Sydney Walk
August 12th 1853

This is the first minute I have had to sit and consider my own thoughts since I came back from Blindingham. So much has happened I can hardly sort one event from another. Indeed, those theories Papa expounds concerning destiny and connections may not be the ravings of an ageing widower, after all. It is possible that when a butterfly flaps its wings in foreign parts, my entire household is turned on its head.

When I had finally escaped from the intolerable Cornbenches,  I journeyed back to Sydney Walk in the most uncomfortable carriage known to man. The driver stopped at every watering hole along the route, claiming that the horse was in constant need of sustenance – by contrast I had eaten and drunk not a morsel since breakfast. To be carried by a well-fed horse is desirable, I suppose, but in future I shall ensure that the creature is catered for prior to departure. 

My headache did not disperse and when I approached my front door in the late afternoon I was met by a man I had never set eyes on who declared himself to be our new Butler! He smiled down at me rather as a snake may welcome a toad. In my dazed and hungry state, I fancied he was not actually human but some sort of visitation. I asked where my husband was and was told he was at his club. This vexed me more than a little since I had sent word that I would be arriving that afternoon. It appears Josiah had not calculated the dietary needs of the horse any more than I had and had waited in for me but become anxious to meet an associate who was in town for a few days from Lacock.  Something to do with photographic imagery, as far as I could understand.  I knew Josiah had been interested in this field for some time but it now seems he has been introduced to a very influential chap who thinks we shall all be able to make lifelike picture records of the most mundane of activities any day of the week – though why on earth any of us should wish to is beyond me for the moment. This ‘butler’ – Garforth he said his name was – leered a little and I saw perspiration upon his forehead and neck. I can not bear the sight of a man perspiring – not indoors. Villiers is an excitable man but even he can remain sweatless when necessary. Garforth told me he would send a boy out to fetch Josiah and then he ordered the kitchen to prepare me some soup. I was too confused to do much except drink the broth he brought me and go to bed. Josiah arrived home much later apparently and, wishing not to disturb me, spent the night in his dressing room.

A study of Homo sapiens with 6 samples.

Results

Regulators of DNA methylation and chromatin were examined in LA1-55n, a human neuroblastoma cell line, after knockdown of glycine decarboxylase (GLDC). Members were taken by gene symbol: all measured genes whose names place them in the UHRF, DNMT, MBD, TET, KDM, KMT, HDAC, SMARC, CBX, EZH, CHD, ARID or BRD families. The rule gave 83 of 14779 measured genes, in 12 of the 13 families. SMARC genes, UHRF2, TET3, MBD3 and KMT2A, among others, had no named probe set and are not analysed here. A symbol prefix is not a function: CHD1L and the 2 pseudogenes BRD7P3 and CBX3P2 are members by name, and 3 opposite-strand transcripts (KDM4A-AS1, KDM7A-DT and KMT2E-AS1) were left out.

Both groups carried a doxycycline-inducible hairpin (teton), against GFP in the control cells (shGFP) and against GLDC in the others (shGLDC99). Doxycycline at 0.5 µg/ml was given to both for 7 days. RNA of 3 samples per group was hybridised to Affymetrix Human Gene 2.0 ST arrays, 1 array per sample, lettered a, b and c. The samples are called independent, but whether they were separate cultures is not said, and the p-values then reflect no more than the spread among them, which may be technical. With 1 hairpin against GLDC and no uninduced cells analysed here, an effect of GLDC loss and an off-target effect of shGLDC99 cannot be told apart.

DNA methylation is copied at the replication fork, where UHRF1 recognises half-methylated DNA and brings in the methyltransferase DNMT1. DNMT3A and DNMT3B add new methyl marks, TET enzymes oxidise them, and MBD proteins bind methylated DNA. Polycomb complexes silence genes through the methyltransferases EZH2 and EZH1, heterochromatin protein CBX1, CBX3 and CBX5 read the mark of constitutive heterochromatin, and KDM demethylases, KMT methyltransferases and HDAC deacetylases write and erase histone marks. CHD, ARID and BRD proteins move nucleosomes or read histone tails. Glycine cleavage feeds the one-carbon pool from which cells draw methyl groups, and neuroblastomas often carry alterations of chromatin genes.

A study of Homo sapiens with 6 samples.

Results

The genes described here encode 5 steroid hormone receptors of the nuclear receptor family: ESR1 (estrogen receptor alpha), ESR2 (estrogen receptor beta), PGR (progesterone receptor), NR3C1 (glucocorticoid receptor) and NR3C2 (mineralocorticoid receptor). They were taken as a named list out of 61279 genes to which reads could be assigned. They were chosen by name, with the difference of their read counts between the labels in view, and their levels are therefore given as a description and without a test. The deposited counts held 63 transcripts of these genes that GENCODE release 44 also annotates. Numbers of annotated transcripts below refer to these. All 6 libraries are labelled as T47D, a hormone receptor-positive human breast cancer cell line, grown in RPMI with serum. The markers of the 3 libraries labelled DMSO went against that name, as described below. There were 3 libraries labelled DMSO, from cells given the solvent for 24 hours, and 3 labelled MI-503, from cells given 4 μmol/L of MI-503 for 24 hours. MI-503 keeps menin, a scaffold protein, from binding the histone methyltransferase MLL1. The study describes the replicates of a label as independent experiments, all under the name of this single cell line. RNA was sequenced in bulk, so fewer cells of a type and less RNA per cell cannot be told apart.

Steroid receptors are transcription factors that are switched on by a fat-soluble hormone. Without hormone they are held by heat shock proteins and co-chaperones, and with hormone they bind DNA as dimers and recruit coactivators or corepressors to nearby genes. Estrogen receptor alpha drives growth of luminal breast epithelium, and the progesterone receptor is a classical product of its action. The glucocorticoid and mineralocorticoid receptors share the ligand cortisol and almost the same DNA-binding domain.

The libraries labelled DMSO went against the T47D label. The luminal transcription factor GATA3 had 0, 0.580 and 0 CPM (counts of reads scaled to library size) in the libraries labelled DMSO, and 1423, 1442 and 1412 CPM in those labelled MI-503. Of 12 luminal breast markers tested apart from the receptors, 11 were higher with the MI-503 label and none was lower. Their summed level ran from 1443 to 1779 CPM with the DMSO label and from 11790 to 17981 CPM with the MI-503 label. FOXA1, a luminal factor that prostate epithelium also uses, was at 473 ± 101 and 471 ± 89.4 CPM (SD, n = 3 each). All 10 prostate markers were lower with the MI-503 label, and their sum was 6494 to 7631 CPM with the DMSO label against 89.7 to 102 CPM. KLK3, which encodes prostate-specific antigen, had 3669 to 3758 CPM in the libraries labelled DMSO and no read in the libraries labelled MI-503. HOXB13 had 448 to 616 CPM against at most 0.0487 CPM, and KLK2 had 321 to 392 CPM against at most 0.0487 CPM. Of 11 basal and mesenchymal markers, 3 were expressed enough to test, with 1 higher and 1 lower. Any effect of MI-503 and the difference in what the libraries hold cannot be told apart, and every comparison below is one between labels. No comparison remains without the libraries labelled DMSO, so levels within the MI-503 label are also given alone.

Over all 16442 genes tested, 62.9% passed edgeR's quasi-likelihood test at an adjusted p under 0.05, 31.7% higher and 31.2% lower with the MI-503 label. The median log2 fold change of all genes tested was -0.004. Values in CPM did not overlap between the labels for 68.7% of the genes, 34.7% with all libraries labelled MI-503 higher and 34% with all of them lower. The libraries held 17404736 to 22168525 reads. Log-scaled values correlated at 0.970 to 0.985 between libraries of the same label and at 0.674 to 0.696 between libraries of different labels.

It was not until the next morning that I realised I had not seen any sign of Dauncey.

At breakfast Josiah sat quietly, waiting for me to ask him what had happened in my absence. He was obviously reluctant to offer any conversation of his own unless pressed by me. How tiresome men are when they have domestic information to impart.

After half an hour of interrogation I learned the news that I had been dreading. Villiers had indeed left us after he and Josiah  had the most terrible argument. From what I could understand of my husband’s contribution to the debate the damage is such that I fear it may never be repaired. What is more, Villiers took Dauncey with him!  He accused Josiah of neglect and cruelty, saying that he was not fit to look after his own family, leave alone a defenceless animal. I was utterly shocked at Villiers’ assertion that my husband does not protect me, although I confess I was glad that Dauncey had a safe – if temporary – home with someone who loves him. I know Villiers had been dreadfully upset by the news that Jennet was to marry, but I cannot think his distress to be so severe that it has robbed him of his reason. What did he mean? How can he think that Josiah is not a provider for his family?

Josiah engaged the services of this Mr Garforth without observing the proper processes. He was anxious, I am sure, to maintain the household in my absence but nevertheless I am cross that I was not consulted. A Lady should be secure in the knowledge that she is being served by someone fit for the job. Despite being with us for well over a fortnight now, Mr Garforth has not supplied us with any references and is quite vague about his previous employment – Josiah says he was recommended by one of the fellows at his club, so I shall have to be happy with that. It is a gentleman’s establishment and all those who join are professional types with no wish to cause harm to each other, I am sure of it. Still, I do not like him. He gives instructions to the staff as if they are army soldiers and he is their General – he shouts a lot and produces the vilest little bits of spit in the corners of his mouth. The cleaning is no longer being done thoroughly enough and the staff are becoming sloppy in other ways, too. My clothes are not laid out as I would wish, but have an air of desperation about them – as if the maid prepares them with her eyes shut. I found her coming out of Josiah’s dressing room yesterday morning in rather too much of a hurry for someone who is supposed to be organised and capable. What on earth is happening?

So, with my faithful Butler and my cat having left home; my husband is spending every waking hour on his big new idea and I have the task of making everything straight again. I shall visit Villiers later on today – he has gone to his sister, I believe, who runs a guest house in Camden. If I cannot persuade Villiers to come home with me, I may well take one of the rooms and stay there!